As the coronavirus spreads in China, so does fury at the government
When new Supreme Court Justice Neil Gorsuch heard oral arguments on the high court for the first time in mid-April, he quickly asked a Justice Department attorney, “Wouldn’t it be a lot easier if we just followed the plain text of the statute?”
It was a good question from a justice known as an originalist—a judge aiming to follow the plain text of the law and of the Constitution, as its framers originally wrote it.
A similar question could be helpful for the church Gorsuch attends.
St. John’s Episcopal Church in Boulder, Colo., is known for both political activism and liberal beliefs. Church statements have pressed for action on gun control and climate change. The parish rector, Susan Springer, has defended gay marriage.
On the last point, a modified version of Gorsuch’s question might be useful: Wouldn’t it be a lot easier if we just followed the plain text of the Bible?
But as some judges consider the Constitution “a living document” subject to the whims and wishes of each generation, some religious leaders consider the Bible open to changing interpretations.
The Episcopal Church consecrated its first openly gay bishop in 2003 and has endorsed gay marriage, but its slide from Biblical fidelity began years earlier, as some bishops questioned fundamental doctrines of the Christian faith: the virgin birth, the resurrection of Christ, and the exclusivity of the gospel.
Hundreds of conservative Episcopal churches have left the denomination. Others have stayed.
George Conger is rector of an Episcopal parish in Florida and editor of the church news website Anglican Ink. Conger identifies as conservative, but says Gorsuch’s membership in a liberal parish isn’t inherently alarming.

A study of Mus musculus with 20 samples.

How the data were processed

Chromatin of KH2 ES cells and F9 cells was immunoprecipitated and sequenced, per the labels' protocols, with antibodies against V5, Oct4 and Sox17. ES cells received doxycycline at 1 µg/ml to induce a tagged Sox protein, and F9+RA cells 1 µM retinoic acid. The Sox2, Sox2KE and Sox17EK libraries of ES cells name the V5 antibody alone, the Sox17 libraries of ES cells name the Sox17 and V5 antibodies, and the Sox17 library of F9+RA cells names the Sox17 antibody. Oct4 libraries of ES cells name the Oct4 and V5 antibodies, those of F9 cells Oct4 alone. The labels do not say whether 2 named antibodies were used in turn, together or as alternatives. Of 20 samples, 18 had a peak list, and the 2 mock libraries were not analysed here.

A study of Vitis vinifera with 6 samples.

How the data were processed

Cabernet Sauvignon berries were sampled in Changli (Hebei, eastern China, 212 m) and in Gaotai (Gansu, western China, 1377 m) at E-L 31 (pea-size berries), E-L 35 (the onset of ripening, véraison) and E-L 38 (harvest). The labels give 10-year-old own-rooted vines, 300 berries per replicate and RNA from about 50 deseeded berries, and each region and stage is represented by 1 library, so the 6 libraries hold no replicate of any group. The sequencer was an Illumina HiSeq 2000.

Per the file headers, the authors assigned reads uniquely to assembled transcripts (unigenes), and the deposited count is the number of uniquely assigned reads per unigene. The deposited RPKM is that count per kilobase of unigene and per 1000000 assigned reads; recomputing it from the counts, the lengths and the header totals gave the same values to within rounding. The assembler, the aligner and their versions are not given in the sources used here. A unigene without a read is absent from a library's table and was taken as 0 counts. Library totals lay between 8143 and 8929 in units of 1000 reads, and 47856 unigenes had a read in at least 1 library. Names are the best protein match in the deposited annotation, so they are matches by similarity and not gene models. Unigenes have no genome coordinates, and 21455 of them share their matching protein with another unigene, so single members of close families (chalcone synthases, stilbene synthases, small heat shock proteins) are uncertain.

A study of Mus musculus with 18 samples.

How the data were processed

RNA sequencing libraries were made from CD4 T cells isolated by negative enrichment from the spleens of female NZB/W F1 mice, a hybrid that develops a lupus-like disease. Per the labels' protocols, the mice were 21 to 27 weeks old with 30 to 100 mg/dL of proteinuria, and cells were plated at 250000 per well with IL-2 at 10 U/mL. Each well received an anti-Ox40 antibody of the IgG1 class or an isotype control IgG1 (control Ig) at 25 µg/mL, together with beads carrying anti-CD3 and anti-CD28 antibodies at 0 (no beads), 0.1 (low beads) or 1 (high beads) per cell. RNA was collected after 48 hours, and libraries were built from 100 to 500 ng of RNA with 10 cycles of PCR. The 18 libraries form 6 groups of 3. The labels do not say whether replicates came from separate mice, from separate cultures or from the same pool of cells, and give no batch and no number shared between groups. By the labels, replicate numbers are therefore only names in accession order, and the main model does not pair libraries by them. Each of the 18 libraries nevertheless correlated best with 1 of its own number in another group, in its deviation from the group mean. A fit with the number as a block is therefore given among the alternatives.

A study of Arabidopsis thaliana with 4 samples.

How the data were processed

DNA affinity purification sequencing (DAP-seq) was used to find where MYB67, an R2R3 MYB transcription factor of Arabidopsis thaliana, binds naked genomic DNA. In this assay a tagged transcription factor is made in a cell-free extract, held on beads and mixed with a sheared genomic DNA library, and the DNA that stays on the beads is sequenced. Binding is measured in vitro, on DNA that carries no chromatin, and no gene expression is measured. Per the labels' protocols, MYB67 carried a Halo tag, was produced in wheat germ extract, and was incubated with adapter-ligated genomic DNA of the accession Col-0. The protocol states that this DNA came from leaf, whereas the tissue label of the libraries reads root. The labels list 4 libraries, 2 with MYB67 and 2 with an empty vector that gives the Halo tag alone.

He says St. John’s attracts people across the theological spectrum, and there’s not always a strong connection between a rector’s views and the views of church members: “Monochrome churches are very rare.”
That dynamic may be confusing for many evangelicals who identify closely with their pastors’ views, but Gorsuch’s own views seem complex.
The justice grew up as an active Catholic, and he attended Catholic schools. At Oxford University he studied under renowned Catholic legal professor John Finnis, known for his work on natural law.
Gorsuch returned from England married to Louise, a British-born Anglican. The couple began attending Episcopal parishes.
Still, on church forms for an Episcopal parish in Virginia, Gorsuch listed his religion as Catholic. His current rector told CNN she doesn’t know whether Gorsuch considers himself Catholic or Episcopalian. Michael Trent, a lifelong friend, told the news agency he believes Gorsuch would consider himself “a Catholic who happens to worship at an Episcopal Church.”
Whatever the views in his parish, Gorsuch’s own writings and rulings ring conservative. In his 2006 book on assisted suicide, Gorsuch wrote that “all human beings are intrinsically valuable and the intentional taking of human life by private persons is always wrong.”
The justice has said less publicly about the specifics of his faith, but he has said that his personal beliefs don’t dictate his judicial decisions. During his confirmation hearing, Gorsuch told senators: “I leave my personal views at home. … I believe you should approach the law as you find it.”
That’s a good piece of advice for church leaders who have strayed from the Bible’s plain teaching because they don’t like it as they find it. For centuries, Biblical Christianity has taught the safest place for Christians to live is within the truth of the Scriptures as the inspired Word of God.
Or as Gorsuch put it regarding the ideal approach to man-made law: Follow “what the words on the paper say.”